Do and it also encourages children to judge

Do stereotypes starts with fairy tales? In my opinion, yes. Research had stated that some or most of the fairy tales that managed to last until the 20th or 21st century contain alluring princesses that care a lot about their appearance which gives young girls the impression that they need to set their physical appearance as their first priority rather than education or something else more valuable. Furthermore, fairy tales push the stereotype of the “ideal” woman as having blond hair and blue eyes which can demotivate young girls as they realise they can’t be one of the “ideal” and it also encourages children to judge people by their appearance since fairy tales often link beauty with personalities. In addition to that, fairy tales also incite gender roles that we are seeing today in society as fairy tales have presented women as powerless but on the other hand, they presented men as courageous and fearless. Subsequently, most or all the fairy tales portray step parents especially the mother as evil and corrupt which can affect children’s acceptance of step parents.

When I first heard the story of Cinderella in year one, my perception on gender roles changed because I was deceived to think that men are the powerhouse of society – taking risks, brave, and tough. Knowing that men must be the one to lead society, it led me to think that women are inferior as they have less tasks since their main priority is just their physical appearance and that they’re also the ones who need to be “rescued” as seen from Prince Charming having to rescue the princesses for whatever reasons. This type of mindset is dangerous because for one, it made young girls feel like they don’t need to be courageous nor tenacious because part of the reason is that those kinds of traits aren’t considered feminine and because she will be expecting a man to be there for her. This can also be referred as the “Cinderella Complex”: an unconscious ambition to be taken care of at the hands of others instead of themselves. Fairy tales also reinforce the fact that the most important characteristic about a woman is her physical appearance and research stated that 94 percent of Grimm’s fairy tales favour appealing physical appearance and that there are 114 beauty references for women per story which is incomparable to the references for men as they didn’t outstrip 35. This could cause young girls to only seek beauty at the expense of education or other activities that aren’t considered feminine. Additionally, another fairy tale that’s also pushing this stereotype is Snow White and The Seven Dwarfs. As seen from the movie or the story itself, Snow White is helpless against the witch and needed Prince Charming to rescue her by giving her a kiss when she was asleep which further emphasises stereotypical gender roles that aren’t necessarily true. This of course, doesn’t only affect girls as it also effects some boys because some of them will be pressured by the expected standard of masculinity (mostly bravery) by the society which is also caused by fairy tales.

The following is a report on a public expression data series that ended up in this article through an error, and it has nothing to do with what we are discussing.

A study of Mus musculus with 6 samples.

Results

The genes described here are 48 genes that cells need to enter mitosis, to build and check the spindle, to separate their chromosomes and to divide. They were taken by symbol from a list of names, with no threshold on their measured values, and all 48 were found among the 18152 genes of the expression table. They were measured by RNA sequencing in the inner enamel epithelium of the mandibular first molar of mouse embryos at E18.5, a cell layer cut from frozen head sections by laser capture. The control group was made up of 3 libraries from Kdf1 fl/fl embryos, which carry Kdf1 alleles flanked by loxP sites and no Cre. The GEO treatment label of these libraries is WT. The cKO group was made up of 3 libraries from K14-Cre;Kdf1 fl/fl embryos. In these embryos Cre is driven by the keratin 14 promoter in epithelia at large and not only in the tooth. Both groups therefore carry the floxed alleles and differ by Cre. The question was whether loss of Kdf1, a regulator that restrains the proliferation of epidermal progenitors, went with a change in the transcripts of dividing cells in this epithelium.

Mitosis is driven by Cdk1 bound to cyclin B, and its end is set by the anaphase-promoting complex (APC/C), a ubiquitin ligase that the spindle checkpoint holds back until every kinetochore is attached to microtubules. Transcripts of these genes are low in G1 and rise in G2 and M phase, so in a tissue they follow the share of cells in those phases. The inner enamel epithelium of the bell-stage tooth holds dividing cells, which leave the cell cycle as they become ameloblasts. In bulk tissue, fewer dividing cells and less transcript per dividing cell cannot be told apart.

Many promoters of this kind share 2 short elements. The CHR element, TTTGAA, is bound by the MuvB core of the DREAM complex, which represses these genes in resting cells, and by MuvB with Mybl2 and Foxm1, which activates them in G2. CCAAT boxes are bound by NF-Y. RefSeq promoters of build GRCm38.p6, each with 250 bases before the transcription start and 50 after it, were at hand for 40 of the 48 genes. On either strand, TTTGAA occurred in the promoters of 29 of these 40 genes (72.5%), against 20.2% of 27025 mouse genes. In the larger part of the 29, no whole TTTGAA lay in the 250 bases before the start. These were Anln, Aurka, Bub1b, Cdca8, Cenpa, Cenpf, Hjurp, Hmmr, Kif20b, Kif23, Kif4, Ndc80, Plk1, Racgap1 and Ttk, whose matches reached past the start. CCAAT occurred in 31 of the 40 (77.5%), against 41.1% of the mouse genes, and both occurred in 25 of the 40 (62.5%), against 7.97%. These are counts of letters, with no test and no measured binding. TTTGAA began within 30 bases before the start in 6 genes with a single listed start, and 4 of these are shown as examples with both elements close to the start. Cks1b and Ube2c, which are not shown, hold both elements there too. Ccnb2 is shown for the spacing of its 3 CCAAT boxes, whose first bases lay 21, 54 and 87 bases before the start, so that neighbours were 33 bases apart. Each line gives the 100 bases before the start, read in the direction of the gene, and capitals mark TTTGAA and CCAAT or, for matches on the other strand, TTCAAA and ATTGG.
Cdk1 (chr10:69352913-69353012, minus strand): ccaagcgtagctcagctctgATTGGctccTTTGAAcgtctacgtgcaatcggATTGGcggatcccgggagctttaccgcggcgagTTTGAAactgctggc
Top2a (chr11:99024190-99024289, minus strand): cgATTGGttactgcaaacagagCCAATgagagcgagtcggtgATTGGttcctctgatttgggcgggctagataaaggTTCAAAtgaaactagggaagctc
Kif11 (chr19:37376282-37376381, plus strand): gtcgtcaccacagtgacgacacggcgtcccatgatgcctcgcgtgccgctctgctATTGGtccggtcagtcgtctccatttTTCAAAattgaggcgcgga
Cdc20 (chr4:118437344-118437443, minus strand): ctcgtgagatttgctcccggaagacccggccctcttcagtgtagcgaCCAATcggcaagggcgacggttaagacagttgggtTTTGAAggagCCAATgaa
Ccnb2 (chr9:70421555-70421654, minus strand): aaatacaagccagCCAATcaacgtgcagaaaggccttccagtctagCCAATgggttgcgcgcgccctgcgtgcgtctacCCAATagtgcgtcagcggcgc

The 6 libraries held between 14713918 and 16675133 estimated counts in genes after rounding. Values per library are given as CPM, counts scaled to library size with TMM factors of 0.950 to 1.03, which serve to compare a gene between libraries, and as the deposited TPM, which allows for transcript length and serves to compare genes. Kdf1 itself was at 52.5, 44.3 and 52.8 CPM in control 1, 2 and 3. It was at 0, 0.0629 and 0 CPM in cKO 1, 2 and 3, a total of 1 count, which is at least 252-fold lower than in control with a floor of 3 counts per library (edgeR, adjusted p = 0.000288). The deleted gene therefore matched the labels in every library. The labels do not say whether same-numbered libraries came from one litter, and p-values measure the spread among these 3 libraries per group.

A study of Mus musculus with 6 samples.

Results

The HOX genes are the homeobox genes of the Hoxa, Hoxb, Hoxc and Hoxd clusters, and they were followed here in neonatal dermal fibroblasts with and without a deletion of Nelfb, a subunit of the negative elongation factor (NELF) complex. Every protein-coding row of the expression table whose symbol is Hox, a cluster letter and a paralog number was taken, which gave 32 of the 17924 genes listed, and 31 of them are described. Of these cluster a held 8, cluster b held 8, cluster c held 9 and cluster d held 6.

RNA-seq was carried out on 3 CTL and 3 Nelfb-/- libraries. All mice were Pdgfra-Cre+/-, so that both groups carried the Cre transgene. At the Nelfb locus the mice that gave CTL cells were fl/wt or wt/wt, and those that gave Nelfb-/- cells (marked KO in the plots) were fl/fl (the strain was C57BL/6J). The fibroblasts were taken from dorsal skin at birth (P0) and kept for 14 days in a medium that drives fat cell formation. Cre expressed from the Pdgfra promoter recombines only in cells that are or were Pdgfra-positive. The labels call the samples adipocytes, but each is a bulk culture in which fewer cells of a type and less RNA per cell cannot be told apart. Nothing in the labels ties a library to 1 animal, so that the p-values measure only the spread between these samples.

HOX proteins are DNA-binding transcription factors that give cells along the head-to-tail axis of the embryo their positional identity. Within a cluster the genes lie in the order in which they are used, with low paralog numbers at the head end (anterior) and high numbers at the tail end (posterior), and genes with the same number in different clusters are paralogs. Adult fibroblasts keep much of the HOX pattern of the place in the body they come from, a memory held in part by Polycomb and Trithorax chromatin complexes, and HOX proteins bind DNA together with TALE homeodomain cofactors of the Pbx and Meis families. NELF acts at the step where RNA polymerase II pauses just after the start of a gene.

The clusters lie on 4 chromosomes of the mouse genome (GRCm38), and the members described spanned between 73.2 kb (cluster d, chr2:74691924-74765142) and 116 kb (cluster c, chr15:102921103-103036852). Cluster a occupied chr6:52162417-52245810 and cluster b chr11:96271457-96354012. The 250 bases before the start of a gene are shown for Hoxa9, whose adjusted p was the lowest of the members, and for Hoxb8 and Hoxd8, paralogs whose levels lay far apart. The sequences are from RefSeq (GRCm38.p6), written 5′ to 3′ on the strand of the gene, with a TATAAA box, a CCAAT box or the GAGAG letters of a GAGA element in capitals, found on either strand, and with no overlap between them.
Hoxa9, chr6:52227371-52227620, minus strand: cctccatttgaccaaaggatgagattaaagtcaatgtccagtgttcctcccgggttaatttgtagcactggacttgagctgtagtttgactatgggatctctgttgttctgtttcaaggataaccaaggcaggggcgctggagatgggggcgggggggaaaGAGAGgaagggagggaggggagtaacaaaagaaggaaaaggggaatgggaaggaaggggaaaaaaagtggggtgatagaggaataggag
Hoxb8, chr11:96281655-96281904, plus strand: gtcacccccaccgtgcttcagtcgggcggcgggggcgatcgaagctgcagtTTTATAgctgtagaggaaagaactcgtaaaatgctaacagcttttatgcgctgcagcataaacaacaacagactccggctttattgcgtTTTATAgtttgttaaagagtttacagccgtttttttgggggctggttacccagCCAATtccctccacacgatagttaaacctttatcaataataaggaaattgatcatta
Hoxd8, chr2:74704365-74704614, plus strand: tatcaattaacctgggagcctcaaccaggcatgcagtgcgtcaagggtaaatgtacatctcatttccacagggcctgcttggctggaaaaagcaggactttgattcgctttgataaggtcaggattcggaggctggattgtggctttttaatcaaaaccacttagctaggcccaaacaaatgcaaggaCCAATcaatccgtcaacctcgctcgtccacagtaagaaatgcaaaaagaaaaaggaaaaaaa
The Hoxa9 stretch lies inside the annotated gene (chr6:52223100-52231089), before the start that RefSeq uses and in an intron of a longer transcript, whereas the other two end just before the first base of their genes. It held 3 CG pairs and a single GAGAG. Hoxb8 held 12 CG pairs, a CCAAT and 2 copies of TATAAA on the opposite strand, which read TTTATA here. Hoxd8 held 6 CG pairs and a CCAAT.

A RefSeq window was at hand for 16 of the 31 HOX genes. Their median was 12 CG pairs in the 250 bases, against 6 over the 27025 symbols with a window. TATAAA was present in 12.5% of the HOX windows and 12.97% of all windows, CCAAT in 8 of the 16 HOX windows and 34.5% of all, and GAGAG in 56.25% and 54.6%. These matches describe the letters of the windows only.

Are all step parents evil? Well according to fairy tales, they all are. Cinderella has crooked step parents, so does Rapunzel and Snow White and these fairy tales could or will change the children’s perspective on step families adversely. Step children could argue more with their step parents as they thought that they are akin to the type of step parents they see in fairy tales. This type of mindset is threatening because it could eventually cause family issues for the step children.

Throughout the years, many people have supported fairy tales for various reasons. A majority of them have stated that fairy tales “fuels children’s imaginations”, to some point this is true. However, young girls could also be imagining them being the princess locked up in the tower and that Prince Charming could rescue her and free her from prison and that they will live happily ever after. This could be reflected in the way she behaves which could be powerless and expects others to always help her at difficult times. Subsequently, people had also stated that “they teach children what is right and what is wrong”, this is correct, but then again, the fact that each fairy tale story has a lot of beauty references implies that ditching other careers for the sake of achieving “true” beauty is the right goal for a young girl. Not to mention, is being muscular and brave enough to be a man? Or a person? Well that’s what fairy tales are teaching kids, causing them to think that is the correct way to live.